Department of Justice attorneys have filed an unopposed motion to close to the public parts of the upcoming oral argument concerning the Espionage Act prosecution of former CIA analyst Jeffrey Sterling and the related subpoena of New York Times reporter James Risen.
Responding to a request from the U.S. Court of Appeals in Richmond, Va. (4th Cir.), the government's motion states that the parties discussed the issue and have agreed that some parts of the argument should be sealed. The oral argument is scheduled for May 18.
The appeal involves three issues. The first is whether Risen has a constitutional or common law privilege protecting him from testifying as to the identity of a confidential source used in his 2006 book "State of War." The lower court found that such a constitutional privilege exists and that it protected Risen.
On this issue, the government and parties agreed that there will be no need to discuss classified materials, and that the oral argument should be open to the public. "Indeed, neither Risen nor his counsel is cleared to receive classified information," according to the government's motion.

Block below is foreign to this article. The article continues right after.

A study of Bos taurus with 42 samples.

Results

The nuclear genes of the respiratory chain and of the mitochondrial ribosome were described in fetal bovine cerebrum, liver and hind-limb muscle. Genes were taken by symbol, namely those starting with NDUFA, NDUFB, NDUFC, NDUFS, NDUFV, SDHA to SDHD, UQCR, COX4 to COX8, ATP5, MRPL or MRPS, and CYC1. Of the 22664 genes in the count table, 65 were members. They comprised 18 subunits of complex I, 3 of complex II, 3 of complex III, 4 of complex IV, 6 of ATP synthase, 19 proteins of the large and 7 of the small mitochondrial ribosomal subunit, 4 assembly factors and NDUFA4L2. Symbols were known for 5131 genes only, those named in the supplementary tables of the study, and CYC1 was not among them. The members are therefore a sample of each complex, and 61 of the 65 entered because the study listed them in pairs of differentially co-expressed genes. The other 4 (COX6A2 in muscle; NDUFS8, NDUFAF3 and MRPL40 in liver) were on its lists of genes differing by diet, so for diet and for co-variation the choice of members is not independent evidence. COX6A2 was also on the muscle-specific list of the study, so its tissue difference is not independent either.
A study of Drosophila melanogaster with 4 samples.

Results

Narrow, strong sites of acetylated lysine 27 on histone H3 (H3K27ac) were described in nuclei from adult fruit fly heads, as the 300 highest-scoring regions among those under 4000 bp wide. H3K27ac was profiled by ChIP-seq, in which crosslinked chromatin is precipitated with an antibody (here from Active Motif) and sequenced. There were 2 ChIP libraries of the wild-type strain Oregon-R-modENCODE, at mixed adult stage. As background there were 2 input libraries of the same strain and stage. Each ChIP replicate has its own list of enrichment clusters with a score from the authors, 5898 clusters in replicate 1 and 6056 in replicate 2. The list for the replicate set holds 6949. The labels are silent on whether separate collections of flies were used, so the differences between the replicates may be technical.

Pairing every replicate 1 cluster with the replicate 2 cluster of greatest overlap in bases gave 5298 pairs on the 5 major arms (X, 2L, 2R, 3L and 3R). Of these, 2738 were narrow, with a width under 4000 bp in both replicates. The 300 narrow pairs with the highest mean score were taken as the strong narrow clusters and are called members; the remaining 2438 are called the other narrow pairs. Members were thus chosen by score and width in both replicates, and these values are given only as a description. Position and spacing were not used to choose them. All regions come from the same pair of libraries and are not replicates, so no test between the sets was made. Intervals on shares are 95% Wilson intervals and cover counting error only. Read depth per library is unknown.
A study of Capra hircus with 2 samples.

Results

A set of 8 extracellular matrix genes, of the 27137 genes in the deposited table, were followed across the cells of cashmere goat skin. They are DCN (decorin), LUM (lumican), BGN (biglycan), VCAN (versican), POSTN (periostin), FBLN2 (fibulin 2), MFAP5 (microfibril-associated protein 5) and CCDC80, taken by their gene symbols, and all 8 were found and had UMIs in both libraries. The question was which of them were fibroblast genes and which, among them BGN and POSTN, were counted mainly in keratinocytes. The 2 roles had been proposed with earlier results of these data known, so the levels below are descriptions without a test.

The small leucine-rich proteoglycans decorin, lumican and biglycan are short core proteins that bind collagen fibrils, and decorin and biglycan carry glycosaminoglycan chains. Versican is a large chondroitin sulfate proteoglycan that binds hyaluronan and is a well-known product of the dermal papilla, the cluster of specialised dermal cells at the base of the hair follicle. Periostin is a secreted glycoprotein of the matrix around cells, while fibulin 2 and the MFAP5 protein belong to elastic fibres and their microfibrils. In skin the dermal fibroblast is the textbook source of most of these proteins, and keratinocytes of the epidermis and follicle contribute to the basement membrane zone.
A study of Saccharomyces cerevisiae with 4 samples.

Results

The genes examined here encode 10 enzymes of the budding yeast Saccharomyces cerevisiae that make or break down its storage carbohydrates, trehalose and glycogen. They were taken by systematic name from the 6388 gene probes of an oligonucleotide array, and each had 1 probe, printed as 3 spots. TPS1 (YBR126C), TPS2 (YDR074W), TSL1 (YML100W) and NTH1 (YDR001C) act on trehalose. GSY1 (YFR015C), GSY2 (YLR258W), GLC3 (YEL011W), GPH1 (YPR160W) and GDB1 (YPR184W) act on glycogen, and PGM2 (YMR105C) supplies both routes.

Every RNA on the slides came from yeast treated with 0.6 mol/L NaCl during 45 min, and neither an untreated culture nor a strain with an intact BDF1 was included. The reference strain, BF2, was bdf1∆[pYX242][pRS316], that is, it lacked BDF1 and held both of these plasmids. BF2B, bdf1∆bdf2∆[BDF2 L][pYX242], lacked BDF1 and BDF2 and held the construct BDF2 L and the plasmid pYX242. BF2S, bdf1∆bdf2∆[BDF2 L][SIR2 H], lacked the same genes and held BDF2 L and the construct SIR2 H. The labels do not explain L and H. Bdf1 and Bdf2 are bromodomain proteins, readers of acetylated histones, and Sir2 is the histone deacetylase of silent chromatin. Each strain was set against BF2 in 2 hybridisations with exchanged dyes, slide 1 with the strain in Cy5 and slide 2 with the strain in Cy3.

The second and third issues in the case involve the district court's decision not to allow two government witnesses to testify because of a discovery violation, and the court's requirement that the government disclose the identifies of witnesses to the defendant and the jury, respectively.
The government has requested that oral argument concerning the second issue be closed in its entirety, because "the issue requires the parties to discuss classified matters with the Court." On the third issue, the government stated that it did not anticipate needing to discuss classified information, but that if the judges may find it necessary to consult such information then the court will need to be closed.
Sterling is accused of violating the Espionage Act by disclosing confidential information. Risen was subpoenaed in 2008 by the government to identify the confidential source cited in a chapter of his book. The source provided details about a classified government program involving efforts to prevent Iran from obtaining nuclear weapons. The operation was reportedly a failed attempt to provide Iranian scientists with flawed blueprints that would set back their efforts at developing their nuclear program, according to Risen's brief in the case.